The scowl is gone from Jerry Stackhouse's face. It's been replaced by a smile. But make no mistake, the spirit is still willing.
"I've got a burning passion still to get out there and compete and play," said Stackhouse prior to the Hawks' Friday night game with the New Jersey Nets at Philips Arena. "But I'm realistic about what I need to be for this team."
At 37, this Jerry Stackhouse is not going to go off for 30 anymore. But he's also not going to go off, half-cocked either. Gone is the loose cannon. Welcome the canon of wisdom.
"What he's doing over in that locker room is absolutely phenomenal from all the reports that I'm getting from some of the other players," said second-year Head Coach Larry Drew. "He's really holding that locker room together, which is something we've needed in the past."
"I think he's tremendous in the locker room for us," agreed power forward and two-time All-Star Al Horford. "He's making sure that he's keeping us together more than ever even though we're already a close group."
Atlanta is a close group, whose core of Horford, Joe Johnson, Josh Smith, and Marvin Williams, has grown together for four years. But there is still great potential to unlock in Atlanta, as the Hawks have hit a ceiling in the Eastern Conference Semifinals the last three seasons.
As an Atlanta resident, Stackhouse has seen the progress and wanted to come to Atlanta reaching out to the Hawks on several occasions. But the timing was never right. Even after playing only seven games with Miami last season, the Hawks resisted bringing him aboard.
The timing became right on Dec. 9, when Atlanta signed Stackhouse, as part of their signing spree that included Tracy McGrady, Vladimir Radmanovic amongst others. They took a shot on getting a leader and veteran presence who could score, regardless of his reputation something he insists was somewhat off-the-mark.
"I've always kind of had a knock, for whatever reason, perception. When I had the scowl, people just kind of felt that I wasn't approachable," he said. "But that's how I played. It didn't matter to me. As long as it gave me that kind of 'Stay back a little bit' edge on the basketball court. It worked out. My teammates always respected my rapport with them and that's all that really matters with me. That's continuing with this group.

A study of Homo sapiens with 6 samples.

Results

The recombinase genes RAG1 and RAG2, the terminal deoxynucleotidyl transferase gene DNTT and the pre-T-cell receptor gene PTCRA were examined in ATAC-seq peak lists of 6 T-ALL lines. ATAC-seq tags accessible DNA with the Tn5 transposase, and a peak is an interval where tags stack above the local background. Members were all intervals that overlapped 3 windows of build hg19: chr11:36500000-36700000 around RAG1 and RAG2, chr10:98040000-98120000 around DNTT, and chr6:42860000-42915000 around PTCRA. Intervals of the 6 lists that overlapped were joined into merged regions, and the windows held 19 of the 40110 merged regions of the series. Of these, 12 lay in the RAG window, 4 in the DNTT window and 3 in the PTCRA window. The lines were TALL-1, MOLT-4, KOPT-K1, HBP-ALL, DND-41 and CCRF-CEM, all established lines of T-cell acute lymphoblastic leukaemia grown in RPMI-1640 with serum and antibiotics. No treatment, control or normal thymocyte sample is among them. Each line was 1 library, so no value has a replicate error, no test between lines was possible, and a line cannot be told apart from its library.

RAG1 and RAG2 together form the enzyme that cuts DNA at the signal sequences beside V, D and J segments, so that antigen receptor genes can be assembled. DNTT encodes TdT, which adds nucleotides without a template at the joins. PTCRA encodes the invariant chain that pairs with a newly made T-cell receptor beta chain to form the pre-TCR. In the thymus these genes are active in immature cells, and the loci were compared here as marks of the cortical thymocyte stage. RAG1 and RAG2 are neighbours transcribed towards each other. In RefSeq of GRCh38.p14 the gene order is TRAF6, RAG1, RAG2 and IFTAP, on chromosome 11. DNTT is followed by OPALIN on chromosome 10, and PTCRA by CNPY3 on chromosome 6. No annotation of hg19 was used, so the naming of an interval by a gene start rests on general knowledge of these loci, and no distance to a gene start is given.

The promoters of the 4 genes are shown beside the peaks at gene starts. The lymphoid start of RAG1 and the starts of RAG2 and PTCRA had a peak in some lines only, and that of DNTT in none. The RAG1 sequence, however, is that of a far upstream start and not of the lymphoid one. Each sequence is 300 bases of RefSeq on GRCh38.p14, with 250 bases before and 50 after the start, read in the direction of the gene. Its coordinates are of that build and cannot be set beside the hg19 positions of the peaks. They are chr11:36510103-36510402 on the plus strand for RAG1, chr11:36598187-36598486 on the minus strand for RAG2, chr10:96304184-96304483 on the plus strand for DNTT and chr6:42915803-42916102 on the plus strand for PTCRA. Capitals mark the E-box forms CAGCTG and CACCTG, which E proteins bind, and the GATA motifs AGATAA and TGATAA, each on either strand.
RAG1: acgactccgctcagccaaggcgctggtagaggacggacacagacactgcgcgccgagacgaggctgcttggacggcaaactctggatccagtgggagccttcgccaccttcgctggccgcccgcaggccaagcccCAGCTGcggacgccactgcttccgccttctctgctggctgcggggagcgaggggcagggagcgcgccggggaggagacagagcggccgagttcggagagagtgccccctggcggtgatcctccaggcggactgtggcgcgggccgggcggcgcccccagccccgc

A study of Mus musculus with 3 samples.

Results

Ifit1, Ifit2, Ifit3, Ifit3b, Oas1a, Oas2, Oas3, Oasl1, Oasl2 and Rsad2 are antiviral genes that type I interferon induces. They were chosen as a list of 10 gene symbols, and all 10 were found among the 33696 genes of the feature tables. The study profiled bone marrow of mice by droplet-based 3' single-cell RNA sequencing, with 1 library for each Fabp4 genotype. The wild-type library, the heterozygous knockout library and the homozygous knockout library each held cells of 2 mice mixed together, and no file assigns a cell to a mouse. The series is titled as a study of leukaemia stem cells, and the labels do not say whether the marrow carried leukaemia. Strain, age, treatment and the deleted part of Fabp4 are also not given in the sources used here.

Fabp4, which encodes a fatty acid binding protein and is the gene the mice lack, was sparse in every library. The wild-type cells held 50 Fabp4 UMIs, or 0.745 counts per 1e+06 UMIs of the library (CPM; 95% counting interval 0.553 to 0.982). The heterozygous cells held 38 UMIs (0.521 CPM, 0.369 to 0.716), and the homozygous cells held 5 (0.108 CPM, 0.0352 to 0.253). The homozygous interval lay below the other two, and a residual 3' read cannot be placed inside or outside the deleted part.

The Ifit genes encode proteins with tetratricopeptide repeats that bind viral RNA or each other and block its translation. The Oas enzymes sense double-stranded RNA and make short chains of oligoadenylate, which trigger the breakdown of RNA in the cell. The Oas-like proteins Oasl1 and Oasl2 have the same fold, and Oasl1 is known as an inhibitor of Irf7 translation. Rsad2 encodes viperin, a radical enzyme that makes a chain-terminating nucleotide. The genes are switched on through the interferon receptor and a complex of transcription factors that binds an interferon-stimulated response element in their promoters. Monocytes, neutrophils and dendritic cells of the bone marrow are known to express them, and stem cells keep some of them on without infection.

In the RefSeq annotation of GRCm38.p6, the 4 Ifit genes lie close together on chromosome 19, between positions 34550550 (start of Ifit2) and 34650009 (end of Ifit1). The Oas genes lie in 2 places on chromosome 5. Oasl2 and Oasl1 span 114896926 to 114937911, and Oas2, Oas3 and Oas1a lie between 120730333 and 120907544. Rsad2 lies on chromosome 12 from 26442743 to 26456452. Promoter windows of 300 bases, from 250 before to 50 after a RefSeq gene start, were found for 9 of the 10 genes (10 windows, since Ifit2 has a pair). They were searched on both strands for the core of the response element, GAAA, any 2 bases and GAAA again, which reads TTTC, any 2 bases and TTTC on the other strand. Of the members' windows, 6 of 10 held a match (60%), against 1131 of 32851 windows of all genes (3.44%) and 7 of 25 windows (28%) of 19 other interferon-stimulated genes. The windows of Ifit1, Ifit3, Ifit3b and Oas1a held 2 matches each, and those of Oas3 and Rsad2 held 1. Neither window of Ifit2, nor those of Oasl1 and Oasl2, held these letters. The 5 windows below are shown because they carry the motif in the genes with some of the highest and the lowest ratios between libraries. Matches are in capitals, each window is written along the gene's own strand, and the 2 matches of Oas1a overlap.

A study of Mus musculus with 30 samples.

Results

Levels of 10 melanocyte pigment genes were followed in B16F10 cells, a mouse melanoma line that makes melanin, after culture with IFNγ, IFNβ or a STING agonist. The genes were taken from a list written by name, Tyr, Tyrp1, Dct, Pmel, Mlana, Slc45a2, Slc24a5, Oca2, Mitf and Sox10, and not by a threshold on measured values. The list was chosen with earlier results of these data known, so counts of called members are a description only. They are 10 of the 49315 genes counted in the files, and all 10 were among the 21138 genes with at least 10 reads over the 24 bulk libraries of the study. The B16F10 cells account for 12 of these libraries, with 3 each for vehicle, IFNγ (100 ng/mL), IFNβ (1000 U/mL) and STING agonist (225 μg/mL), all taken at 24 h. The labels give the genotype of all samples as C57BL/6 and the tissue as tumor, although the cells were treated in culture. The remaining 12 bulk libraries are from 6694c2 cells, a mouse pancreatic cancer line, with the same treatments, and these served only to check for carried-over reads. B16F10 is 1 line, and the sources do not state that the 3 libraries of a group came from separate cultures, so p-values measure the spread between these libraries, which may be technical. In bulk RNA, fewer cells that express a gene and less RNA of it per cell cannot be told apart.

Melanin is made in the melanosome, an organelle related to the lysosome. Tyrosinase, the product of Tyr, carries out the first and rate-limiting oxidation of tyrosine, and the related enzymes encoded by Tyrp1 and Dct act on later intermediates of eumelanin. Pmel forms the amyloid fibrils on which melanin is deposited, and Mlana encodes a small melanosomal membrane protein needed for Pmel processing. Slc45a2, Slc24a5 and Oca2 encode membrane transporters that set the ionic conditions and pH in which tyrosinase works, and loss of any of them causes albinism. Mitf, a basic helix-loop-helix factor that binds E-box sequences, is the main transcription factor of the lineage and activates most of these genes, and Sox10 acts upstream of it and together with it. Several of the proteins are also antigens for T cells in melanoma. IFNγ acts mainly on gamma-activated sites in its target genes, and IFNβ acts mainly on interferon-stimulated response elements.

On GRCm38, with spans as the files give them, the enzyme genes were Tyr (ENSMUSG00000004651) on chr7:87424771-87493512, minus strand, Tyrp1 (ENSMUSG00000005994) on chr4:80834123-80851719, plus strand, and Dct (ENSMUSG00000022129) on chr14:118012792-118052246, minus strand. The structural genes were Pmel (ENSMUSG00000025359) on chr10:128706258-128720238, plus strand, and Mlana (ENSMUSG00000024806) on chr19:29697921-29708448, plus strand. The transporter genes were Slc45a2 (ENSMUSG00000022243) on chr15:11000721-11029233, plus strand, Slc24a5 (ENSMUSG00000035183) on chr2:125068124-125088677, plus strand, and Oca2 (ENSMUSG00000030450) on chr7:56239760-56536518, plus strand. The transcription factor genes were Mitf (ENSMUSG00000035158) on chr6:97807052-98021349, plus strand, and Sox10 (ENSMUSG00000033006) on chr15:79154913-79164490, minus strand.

Stackhouse said that the leadership he's showing with these Hawks, especially the young players, is based on his experiences, which werent nearly as positive.
"When I was in Philadelphia, I had older guys who didn't really offer any advice," he said. "They were so concerned about their hanging on another year that they didn't want to help the young guys. I promised myself that I never would be that guy. Whenever I got in that position, the knowledge that I have about the game, that I would share it."
Stackhouse believes that what he has to share can help the Hawks break through in the playoffs, as hes already played on a team that has the 2005-06 Dallas Mavericks, who reached the Finals before losing to Miami.
"I've adjusted over the years and I think my role over the years has put me in a lot of these guys' places," he said. "I've been the guy. I've been the Joe Johnson, the guy you want to try to get the ball to. I've been the guy that comes off the bench to provide the spark. I've been the guy who's had to accept a role to make a team work.
"I think I can relate to all of them," he added. "Hopefully just from my experience and the fact that I've accomplished more other than 'Twin,' (Jason Collins) we're the only two who have gone to the Finals I think that's the one thing that's eluded us, not winning it. I think we have a lot to show and tell these guys and they're eager to listen."
For now, Stackhouse, who is 13th among active players with 16,119 career points, is the one doing the listening. He's listening for his name to be called. It hasnt been frequent, as he played six minutes in Atlantas season opener and not at all in the home opener. Waiting is a difficult process, but one he's ready to make.
"The main thing for him right now is to stay ready because you just never know," said Drew. "We have a very tough stretch of games coming up and there's a high probability that I'm going to need him."
"I'm biting at the bit," he said with a laugh. "My opportunity is going to come. It's about being ready. I think that's my message to the younger guys. Stay prepared. You never know what's going to happen and when they're going to need you. I have to make sure I tell myself that as well."
His teammates believe in him.
"I know that on the court at any point, if we need a big basket from him or a big play he'll be there to provide it," said Horford. "He really wants to win and we're lucky to have a guy like him."